Use of subcutaneous enoxaparin compared to intravenous heparin and oral phenprocoumon in the setting of cardioversion—the ACE study (Anticoagulation in Cardioversion using Enoxaparin)

Christoph Stellbrink, Uwe Nixdorff, Thomas Hofmann, Walter Lehmacher, Werner Günther Daniel, Peter Hanrath, Christoph Geller, Andreas Mügge, Walter Sehnert, Caroline Schmidt-Lucke, Jan-André Schmidt-Lucke
Cardiac Electrophysiology Review 2003, 7 (4): 382-6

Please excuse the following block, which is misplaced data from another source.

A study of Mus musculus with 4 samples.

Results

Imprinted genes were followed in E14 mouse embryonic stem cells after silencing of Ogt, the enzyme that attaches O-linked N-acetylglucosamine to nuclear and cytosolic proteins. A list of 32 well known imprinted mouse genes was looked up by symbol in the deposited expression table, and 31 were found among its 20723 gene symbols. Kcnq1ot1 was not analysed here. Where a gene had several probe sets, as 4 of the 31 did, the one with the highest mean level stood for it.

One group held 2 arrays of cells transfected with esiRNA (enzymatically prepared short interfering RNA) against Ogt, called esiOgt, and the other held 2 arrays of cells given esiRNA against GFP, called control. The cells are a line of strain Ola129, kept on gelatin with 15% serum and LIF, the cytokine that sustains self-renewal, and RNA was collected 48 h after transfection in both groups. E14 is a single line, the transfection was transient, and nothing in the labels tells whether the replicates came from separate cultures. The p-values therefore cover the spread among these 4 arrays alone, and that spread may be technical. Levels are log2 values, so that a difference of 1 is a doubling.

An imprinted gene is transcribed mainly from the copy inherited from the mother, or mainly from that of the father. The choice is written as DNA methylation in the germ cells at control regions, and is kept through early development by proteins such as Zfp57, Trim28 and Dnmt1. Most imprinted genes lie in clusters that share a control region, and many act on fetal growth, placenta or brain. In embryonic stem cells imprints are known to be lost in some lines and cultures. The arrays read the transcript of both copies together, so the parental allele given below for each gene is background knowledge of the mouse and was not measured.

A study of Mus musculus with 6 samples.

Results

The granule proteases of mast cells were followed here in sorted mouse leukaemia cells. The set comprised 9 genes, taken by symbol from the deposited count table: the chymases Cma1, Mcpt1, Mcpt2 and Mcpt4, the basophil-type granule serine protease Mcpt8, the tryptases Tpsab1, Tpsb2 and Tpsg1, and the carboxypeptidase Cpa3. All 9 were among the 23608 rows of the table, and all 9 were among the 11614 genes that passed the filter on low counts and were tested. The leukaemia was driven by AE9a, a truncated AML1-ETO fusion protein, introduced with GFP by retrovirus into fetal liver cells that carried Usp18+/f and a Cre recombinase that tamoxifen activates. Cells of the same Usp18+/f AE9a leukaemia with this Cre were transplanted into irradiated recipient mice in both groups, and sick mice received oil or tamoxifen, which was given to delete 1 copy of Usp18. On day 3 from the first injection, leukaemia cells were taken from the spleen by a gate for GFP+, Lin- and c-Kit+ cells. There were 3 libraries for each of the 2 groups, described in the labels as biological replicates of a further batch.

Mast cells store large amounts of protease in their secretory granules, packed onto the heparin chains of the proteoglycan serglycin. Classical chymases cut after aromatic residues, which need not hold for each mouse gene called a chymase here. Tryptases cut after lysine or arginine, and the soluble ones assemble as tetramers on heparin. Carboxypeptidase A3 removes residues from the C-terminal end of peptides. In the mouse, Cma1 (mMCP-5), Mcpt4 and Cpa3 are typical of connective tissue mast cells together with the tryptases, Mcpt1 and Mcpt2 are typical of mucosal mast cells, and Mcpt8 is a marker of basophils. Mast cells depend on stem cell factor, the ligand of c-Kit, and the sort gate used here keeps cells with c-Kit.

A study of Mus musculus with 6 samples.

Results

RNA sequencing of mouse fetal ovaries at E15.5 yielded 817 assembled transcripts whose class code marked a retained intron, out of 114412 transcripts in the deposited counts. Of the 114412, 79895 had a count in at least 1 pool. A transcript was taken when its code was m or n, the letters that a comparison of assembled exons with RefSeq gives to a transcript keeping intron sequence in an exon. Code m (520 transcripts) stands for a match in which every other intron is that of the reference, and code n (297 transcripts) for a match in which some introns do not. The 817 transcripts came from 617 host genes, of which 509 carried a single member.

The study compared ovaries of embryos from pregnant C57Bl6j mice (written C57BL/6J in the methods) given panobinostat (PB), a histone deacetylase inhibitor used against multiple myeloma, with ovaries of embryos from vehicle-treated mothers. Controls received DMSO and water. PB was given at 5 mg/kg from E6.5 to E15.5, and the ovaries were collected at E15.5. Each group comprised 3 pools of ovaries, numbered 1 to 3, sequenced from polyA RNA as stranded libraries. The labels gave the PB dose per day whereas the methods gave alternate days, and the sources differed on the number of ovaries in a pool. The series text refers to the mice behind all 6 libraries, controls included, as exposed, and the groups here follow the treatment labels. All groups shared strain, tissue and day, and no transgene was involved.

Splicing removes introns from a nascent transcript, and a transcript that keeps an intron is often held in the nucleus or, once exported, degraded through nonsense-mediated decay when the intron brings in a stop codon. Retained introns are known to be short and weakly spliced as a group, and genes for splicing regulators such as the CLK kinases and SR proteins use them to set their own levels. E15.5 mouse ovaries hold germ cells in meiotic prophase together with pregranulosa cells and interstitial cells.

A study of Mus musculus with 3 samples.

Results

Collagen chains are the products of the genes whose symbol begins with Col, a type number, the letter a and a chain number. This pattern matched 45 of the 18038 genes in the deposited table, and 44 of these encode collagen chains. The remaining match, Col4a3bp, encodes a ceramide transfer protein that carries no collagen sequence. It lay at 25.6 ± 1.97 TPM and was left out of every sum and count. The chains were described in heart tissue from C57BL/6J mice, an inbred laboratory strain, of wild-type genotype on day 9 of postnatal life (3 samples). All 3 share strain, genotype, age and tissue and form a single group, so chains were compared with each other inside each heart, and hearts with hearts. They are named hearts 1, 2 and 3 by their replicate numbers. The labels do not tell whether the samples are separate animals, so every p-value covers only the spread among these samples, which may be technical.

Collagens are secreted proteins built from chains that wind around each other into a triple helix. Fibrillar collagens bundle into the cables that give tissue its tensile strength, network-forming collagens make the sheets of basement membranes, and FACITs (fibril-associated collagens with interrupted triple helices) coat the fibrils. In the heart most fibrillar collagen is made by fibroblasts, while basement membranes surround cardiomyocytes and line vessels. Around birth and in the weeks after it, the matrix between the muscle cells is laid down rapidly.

The mode and duration of anticoagulation in the setting of cardioversion of atrial fibrillation-either with or without guidance by transesophageal echocardiography (TEE)-is still an unresolved issue. Oral anticoagulation with warfarin or phenprocoumon is frequently used but may be associated with an increased risk of bleeding complications or, conversely, episodes of undercoagulation. Moreover, it takes several days to reach full anticoagulation with oral compounds. This phase may be covered with intravenous heparin but this requires prolonged hospitalization. Low-molecular weight heparin is an attractive alternative as it not only provides a safe and predictable level of anticoagulation with few side effects but can also be administered safely on an outpatient basis. In addition, anticoagulation monitoring is usually unnecessary. The ACE study (Anticoagulation in Cardioversion using Enoxaparin) compared the safety and efficacy of subcutaneous enoxaparin with intravenous heparin/oral phenprocoumon before and after cardioversion (stratified to TEE guidance or no TEE guidance). This article summarizes the study rationale and design. The results will be published shortly.